Saturday, November 2, 2013

Jonah wasn't a high Calvinist

It wasn't long ago that I was convinced that Jonah was just like a modern high calvinist- they don't want people to be saved. Sure, some people can be, their people, the elect, but not all people. Hardened sinners, dumb people, obstinate people, God shouldn't save, after all He needs vessels fit for wrath.
But now as I think about it, that's not an accurate thing to say at all. Jonah understood from the first that God is above all gracious and quick to save. Look at 1:2 "Arise, go to Nineveh, that great city, and cry out against it; for their wickedness has come up before Me.” And his response? Jonah 4:2 "Ah, LORD, was not this what I said when I was still in my country? Therefore I fled previously to Tarshish; for I know that You are a gracious and merciful God, slow to anger and abundant in lovingkindness, One who relents from doing harm"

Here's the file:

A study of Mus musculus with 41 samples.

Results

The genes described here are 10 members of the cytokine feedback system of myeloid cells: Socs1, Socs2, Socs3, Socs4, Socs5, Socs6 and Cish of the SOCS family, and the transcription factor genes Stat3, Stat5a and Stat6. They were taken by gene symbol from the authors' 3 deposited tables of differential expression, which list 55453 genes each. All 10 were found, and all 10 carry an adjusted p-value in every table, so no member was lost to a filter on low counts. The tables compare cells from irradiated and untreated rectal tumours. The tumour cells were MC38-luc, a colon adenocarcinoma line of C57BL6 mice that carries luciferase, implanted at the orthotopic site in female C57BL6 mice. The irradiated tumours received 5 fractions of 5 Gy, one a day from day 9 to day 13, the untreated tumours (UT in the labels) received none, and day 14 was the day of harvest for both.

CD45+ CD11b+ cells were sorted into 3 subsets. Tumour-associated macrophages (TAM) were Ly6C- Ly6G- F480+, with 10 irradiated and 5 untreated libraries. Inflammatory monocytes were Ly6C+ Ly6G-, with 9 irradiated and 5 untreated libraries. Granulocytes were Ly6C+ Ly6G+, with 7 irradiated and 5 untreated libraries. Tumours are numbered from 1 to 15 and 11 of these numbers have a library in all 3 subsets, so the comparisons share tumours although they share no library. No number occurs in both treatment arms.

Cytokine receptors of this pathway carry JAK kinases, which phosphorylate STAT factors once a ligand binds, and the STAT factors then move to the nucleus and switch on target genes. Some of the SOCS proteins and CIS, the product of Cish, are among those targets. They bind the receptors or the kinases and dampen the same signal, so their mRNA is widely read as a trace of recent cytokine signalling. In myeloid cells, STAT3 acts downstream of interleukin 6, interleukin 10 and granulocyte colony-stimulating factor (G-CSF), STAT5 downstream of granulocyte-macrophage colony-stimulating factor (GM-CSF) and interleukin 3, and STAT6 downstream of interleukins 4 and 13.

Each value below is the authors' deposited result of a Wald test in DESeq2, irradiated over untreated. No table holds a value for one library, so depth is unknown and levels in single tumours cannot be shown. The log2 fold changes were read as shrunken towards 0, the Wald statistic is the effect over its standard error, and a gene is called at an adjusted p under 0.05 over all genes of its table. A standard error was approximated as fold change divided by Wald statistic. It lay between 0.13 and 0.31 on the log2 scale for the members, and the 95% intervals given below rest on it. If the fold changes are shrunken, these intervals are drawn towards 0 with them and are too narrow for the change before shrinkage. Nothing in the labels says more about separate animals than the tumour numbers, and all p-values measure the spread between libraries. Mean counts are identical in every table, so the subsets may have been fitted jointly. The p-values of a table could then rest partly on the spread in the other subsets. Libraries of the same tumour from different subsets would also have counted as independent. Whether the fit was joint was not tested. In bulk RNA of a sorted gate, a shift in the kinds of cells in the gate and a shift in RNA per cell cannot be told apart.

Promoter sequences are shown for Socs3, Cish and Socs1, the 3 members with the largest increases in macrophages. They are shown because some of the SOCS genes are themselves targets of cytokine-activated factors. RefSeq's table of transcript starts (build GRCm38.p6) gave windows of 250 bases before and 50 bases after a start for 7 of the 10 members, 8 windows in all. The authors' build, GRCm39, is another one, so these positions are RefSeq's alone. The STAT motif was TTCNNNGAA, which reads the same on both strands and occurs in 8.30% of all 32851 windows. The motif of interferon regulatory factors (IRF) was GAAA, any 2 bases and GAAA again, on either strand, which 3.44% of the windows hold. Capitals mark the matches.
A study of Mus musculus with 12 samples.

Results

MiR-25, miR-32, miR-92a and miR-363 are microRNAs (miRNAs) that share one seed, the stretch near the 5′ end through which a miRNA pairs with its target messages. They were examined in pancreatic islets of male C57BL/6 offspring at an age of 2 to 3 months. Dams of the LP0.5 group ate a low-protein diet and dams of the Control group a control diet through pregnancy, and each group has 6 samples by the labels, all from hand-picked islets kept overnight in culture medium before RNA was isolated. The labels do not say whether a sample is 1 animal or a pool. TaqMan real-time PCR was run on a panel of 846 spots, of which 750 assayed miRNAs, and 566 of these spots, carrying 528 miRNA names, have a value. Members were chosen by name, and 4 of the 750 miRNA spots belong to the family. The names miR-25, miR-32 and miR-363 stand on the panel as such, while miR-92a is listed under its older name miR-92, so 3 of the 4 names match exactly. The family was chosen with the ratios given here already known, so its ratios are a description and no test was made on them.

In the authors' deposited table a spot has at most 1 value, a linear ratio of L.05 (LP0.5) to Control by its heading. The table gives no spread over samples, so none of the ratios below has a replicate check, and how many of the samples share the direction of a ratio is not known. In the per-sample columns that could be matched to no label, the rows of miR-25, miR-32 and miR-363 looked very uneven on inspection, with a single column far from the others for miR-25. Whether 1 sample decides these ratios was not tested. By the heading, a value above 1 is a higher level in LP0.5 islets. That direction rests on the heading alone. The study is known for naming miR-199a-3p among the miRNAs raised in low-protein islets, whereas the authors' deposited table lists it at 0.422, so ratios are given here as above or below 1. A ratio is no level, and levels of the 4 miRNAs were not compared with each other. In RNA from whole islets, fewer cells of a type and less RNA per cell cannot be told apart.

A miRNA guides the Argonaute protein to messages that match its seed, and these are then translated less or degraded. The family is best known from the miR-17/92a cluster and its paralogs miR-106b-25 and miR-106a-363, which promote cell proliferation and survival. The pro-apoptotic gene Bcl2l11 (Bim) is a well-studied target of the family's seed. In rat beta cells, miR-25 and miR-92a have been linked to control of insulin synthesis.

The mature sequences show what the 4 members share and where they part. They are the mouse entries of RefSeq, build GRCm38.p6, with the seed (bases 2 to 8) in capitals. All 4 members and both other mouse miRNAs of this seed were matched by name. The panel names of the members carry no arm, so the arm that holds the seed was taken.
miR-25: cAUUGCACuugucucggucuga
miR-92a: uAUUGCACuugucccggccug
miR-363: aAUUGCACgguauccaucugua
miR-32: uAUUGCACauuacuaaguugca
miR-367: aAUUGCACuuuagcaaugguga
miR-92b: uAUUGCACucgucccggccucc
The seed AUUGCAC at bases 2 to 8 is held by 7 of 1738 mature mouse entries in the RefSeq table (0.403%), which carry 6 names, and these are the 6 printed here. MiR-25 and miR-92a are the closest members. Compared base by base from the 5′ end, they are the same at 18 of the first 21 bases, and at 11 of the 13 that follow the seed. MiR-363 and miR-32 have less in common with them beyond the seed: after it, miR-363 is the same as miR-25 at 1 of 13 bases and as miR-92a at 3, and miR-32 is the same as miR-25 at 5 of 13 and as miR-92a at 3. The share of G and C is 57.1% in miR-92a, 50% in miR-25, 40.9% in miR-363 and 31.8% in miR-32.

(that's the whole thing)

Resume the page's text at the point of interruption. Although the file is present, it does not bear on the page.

A high Calvinist would leap at this command to go, arise, and cry out against the sinners. Preach it's destruction; go to it and tell it that it's days are numbered. Tell them they will all die in fire and water. Tell them God has decreed they are to be put to the sword.
Give 'em the law.
But Jonah understood something the Calvinists don't-- God's judgment is His invitation to salvation, and this was His way of inviting them to be saved. This message of judgment and wrath was how God was going to humble them, and get their eyes to turn to Him.
So Jonah flees. Or more accurately Jonah was told to arise (v1) so he goes below deck to lay down and slumber. It's not just that he's going in the opposite direction to see Nineveh overthrown, he's going to do the opposite thing. Because what's the opposite thing of preaching judgment? Preaching grace? No, not preaching at all.
He understood that God wants to save sinners first and foremost. By any and all means. And for that reason he was way ahead of the modern TULIP calvinist.